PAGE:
Unemplyoment bill in SC

I can’t say I entirely disagree with efforts in South Carolina to reform how unemployment benefits are paid out. Basically, they want to get people back to work doing something. Some of it makes sense:

A Senate panel advanced bills Tuesday that would require people laid off in South Carolina to pass a drug test to receive unemployment benefits, then volunteer 16 hours weekly with a charity or public agency to keep receiving a check…

Another policy change would require people drawing unemployment benefits to accept job offers that pay incrementally less than their previous wages.

The change means those drawing unemployment benefits must accept job offers that pay 90 percent of their previous wage after four weeks. The percentage would drop every four weeks. After 16 unemployment payments, they’d have to accept 70 percent of their previous income. Once federal extensions kick in at 20 weeks, they’d have to accept minimum wage labor.

I can agree with the volunteer work to an extent. Currently there are companies which state that people out of work for certain periods of time need not apply. There have been movements to make it illegal to do that (which I support), but I don’t know of any state that has actually passed any legislation. Having people volunteer in certain areas would counter some of the concerns of the douchebag companies out there. (I don’t know the ins-and-outs of the bill, but it would make sense to include internships as well.)

Of course, this doesn’t come without its problems. A person on unemployment in South Carolina gets about $235 a week. As a single individual with roommates, I could get by on that if need be, but anyone with kids is necessarily going to struggle. I can’t imagine it would be easy to pay for daycare or a babysitter for 16 hours a week while already on such a tight budget. For some people the SC bill is only going to make life more difficult, thus forcing them onto welfare for longer. That would be counter-productive for everybody.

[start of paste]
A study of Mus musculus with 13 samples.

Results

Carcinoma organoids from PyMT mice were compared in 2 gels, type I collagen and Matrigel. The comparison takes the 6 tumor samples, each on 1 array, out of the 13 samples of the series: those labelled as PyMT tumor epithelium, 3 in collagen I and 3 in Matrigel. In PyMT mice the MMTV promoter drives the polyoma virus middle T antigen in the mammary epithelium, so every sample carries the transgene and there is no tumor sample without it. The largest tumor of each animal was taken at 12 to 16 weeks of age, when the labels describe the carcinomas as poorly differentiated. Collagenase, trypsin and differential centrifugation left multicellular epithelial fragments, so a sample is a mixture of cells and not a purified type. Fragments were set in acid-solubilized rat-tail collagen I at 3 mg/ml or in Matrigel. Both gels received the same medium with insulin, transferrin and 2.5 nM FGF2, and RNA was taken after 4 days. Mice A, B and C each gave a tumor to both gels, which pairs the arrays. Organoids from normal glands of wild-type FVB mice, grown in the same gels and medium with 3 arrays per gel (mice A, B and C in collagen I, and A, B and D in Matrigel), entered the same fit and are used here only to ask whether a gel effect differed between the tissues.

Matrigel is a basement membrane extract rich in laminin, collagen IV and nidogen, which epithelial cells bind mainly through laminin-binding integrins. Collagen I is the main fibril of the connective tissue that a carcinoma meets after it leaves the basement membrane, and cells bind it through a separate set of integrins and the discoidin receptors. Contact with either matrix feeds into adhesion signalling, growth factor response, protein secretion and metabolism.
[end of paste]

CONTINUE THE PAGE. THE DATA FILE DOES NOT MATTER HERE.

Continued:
On drug tests, I think that’s just a stupid idea. Relatively few people on welfare spend their money on illegal drugs, so the whole idea isn’t practical. And for those who do imbibe such substances, the testing costs are astronomical compared to the savings for the states.

On forcing people to accept job offers that suck, there are two obvious problems. First, fuck you to anyone who forces a person to work at a particular place or for a particular wage. Given how fond Republicans are of pretending that taxes are somehow akin to enslavement, I would think they might be more sensitive to forcing people into certain actions regarding their economic well-being. Second, any company that sees a large gap in a person’s work history is liable to intentionally offer that person the lowest wage they know they can get away with. All this does is create cheap labor for businesses by unfair means. If the state wishes to encourage people to get off welfare, they should use the carrot, not the stick.

So, some of these ideas aren’t entirely terrible. I think it’s likely the volunteer idea is motivated by the Republican perception that poor people are inherently lazy and bad, but it does have some merit to it. Indeed, the drug testing idea has a similar motivation, though it has no merit. The forced-work/slavery idea is a terrible one, but it has seemingly decent enough motivations. But then, this is South Carolina. I really don’t expect them to fix any of their problems in a way which resembles anything rational. (Sorry, native South Carolinian Stephen Colbert.)